Recently, at the ripe old age of 55, I had an experience that took me time traveling back through the decades to the humiliations of high school gym.
I recently moved to a new town, and discovered what seemed to be a world-class yoga studio located right downtown. This seemed the perfect opportunity for me to take my very first yoga class, so I signed up.
It was a beginner’s class, of course, and the first session was fantastic: the teacher (call her Ann) was great at explaining, and she had us all practice our breathing, standing and sitting. I was stoked!
But the second session was a disaster, for me at least. Ann started us right out on some tough Pilates-type planking exercises, and I just couldn’t do them.
I tried, I really did! And Ann stopped by just long enough to tell me to use a brick for support before rushing off to help someone else. (It was a big class.) That helped some, but not enough.
Eventually, I gave up and simply did some stretches on my mat. Later I just sat like a doomed soul amidst a sea of successful plankers, waiting for the class to end.
I was humiliated and, by the time I got home, angry.
And I’ve been tempted, while writing this article, to give you a laundry list of everything I think the studio did wrong. Really tempted! But I’ll give them benefit of the doubt just in case my expectations for a beginner’s class were off.
Forbearance comes at a price though—in this case, a low-grade anger that, having remained unspoken, has never quite gone away.
So, the question then becomes that old chestnut: how do you let go of anger?
Fortunately, I’ve got some leads on that, thanks to my work helping people overcome procrastination, perfectionism, and other internal barriers to success. A prime cause of such barriers is traumatic rejection, and this episode definitely counts.
Marginalization, callousness, thoughtlessness and passive-aggressive withholding also are experienced as rejections, as are bias, carelessness, capriciousness, harshness, neglect, ostracism, ridicule and sarcasm.
Although neither the yoga teacher nor anyone else in the studio set out purposely to reject me, my experience contained several of these rejecting elements.
Rejections are complex events.
A rejection’s painfulness can be amplified if it happened in public, was gratuitously cruel or capricious, or if the “rejector” is famous or respected. Blindsiding is another common amplifier, and one that definitely contributed to my own pain in this situation.
It’s one thing to wipe out, as I did, in an advanced class, but to do it in a beginner’s? Totally did not expect that.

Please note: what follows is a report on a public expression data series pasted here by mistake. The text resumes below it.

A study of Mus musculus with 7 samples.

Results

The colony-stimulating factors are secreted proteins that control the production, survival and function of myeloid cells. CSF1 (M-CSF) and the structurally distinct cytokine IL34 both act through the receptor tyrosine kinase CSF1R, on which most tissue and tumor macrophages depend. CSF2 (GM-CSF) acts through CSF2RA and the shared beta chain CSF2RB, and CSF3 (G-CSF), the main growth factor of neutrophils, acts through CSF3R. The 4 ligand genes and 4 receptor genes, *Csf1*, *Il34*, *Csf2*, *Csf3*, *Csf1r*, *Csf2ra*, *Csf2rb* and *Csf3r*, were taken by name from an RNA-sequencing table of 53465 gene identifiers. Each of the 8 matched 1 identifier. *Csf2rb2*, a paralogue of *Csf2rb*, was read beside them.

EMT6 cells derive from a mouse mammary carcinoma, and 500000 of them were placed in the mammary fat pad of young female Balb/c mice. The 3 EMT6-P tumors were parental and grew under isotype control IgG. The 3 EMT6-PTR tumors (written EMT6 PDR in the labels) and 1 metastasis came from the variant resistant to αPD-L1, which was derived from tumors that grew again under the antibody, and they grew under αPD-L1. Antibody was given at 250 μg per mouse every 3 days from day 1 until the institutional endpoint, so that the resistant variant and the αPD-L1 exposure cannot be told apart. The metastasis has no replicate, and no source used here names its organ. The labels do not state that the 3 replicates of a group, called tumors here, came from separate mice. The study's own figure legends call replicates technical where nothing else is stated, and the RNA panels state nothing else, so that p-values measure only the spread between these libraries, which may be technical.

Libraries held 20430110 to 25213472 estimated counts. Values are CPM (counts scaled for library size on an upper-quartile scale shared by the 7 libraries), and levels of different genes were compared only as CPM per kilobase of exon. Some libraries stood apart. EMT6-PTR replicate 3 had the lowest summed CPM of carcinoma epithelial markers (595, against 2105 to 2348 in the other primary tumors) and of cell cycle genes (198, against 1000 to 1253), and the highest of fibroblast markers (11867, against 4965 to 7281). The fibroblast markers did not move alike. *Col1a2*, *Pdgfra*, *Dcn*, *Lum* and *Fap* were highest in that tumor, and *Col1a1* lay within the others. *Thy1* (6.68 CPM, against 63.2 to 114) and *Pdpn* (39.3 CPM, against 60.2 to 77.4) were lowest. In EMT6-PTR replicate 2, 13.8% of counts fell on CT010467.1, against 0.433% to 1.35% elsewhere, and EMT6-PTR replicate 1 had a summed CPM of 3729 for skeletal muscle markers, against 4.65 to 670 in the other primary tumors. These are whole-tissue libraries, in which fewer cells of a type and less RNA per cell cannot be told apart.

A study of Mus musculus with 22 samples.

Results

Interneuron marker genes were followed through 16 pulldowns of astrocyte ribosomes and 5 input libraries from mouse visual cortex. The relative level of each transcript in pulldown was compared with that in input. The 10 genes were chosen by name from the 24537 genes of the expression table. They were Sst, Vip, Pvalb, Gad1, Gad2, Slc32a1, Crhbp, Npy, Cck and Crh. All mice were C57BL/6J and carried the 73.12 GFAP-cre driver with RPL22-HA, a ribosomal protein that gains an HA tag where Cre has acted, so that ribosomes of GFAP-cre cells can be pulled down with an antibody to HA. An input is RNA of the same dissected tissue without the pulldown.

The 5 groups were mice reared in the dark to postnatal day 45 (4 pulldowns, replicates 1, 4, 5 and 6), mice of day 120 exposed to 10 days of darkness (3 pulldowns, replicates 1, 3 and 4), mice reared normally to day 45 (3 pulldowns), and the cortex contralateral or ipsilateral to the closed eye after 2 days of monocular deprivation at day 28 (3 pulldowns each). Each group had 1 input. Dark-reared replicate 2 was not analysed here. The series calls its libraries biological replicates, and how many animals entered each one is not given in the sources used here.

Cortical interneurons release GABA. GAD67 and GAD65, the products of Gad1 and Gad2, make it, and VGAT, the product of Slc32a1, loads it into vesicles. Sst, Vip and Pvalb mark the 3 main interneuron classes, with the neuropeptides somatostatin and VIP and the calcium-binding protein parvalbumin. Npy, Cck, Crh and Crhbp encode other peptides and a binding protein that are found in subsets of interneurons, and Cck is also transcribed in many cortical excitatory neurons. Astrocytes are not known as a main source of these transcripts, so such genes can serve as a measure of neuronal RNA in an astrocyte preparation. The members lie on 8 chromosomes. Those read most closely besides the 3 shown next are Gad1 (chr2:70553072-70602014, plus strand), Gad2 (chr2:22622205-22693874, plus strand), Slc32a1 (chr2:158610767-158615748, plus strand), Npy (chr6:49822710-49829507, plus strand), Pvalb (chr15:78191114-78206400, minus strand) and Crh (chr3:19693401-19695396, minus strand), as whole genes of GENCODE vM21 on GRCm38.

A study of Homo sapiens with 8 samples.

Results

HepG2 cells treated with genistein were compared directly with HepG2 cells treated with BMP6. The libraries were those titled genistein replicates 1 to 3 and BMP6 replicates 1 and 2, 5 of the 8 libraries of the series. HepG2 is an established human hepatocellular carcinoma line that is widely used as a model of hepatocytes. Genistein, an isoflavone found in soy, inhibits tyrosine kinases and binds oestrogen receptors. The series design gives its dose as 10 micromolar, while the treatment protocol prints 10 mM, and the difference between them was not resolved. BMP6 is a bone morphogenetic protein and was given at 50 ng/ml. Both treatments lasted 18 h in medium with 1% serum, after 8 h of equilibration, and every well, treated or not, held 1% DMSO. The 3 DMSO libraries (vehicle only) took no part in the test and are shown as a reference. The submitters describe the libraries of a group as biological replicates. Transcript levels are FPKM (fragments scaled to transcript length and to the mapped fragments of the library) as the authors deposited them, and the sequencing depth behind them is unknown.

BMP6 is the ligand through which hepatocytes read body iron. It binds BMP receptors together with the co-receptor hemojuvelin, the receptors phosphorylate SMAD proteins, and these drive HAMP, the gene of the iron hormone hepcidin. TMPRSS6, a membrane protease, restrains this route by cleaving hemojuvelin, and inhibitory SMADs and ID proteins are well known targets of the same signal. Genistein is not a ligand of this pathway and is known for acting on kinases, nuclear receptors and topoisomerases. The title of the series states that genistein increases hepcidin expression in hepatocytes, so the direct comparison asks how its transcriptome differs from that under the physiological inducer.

Because society is often clueless about the true nature and scope of rejection, many rejections are trivialized or go unrecognized. We’re also often told our rejections aren’t that serious: that we should “get over it.” This advice is misguided for at least two reasons:
(1) We don’t simply “get over” traumatic rejections and humiliations. Unresolved, they live on, and on, and on. One woman I know is in her seventies and still cries when recalling how her siblings cruelly teased her when she was left back in second grade. And a man I know in his eighties still talks mournfully about how his mother abandoned him to the care of her parents. “She never loved me,” he laments.
(2) Society doesn’t need more people with a thick skin. There are already way too many. We need more people with a thin skin—i.e., sensitive, open, alive, alert and aware of those around them. Society needs you to have a thin skin, and you need to have a thin skin, too, if you want to have real relationships and a meaningful connection with the world around you.
The problem with having a thin skin, of course, is that it leaves you vulnerable to hurt. So let’s see how to cope with that.
We heal by taking our power back.
The real problem with rejection is the lack of empowerment. Disempowered people have lost access to their skills, strengths, talents, capacities and perspectives; the experience of disempowerment can cause shame.
When I describe feeling like I was back in high school gym and being stuck on the mat waiting for the class to end, those are strong statements of disempowerment.
So the key to healing is to take your power back. You do this primarily by speaking, and acting, your truth.
If you’re lucky, you can speak your truth directly to the rejector using the classic non-confrontational, “When you did X it made me feel Y” approach. If he or she is a nice person you’re likely to get a heartfelt apology or at least a plausible explanation. Either way, you’ll probably be amazed at how much better you’ll feel.
Unfortunately, you sometimes don’t get an affirming response. And often you can’t even speak your truth because the rejector has power over you (e.g., your boss). In those cases, it’s important to speak your truth to yourself—journaling is good for this—and to trusted friends and family.
It will help if, during those discussions, you recall specific instances that neutralize the rejector’s statements or the conclusions you’re drawing from them. If you get an unreasonably harsh grade on a paper, for instance, you can recall other papers where you did better because you were graded more fairly.
Take empowering actions.
In my case, I got over the “too old/hopelessly unfit” feeling the class left me with by joining a gym where I can keep fit by non-yoga means. (It also offers some yoga classes for when I’m ready to try again.) Also, I’ve been practicing the breathing, standing and sitting I learned in the first session, doing occasional small sessions of YouTube Yoga and looking at some resources for yoga newbies.
It’s very important not to rush the healing process or question the amount of healing you need. This is especially true since many rejections are like icebergs: bigger under the surface.
Heal lavishly and at length, ignoring all the “get over it” advice, and you’ll soon find yourself back up to speed.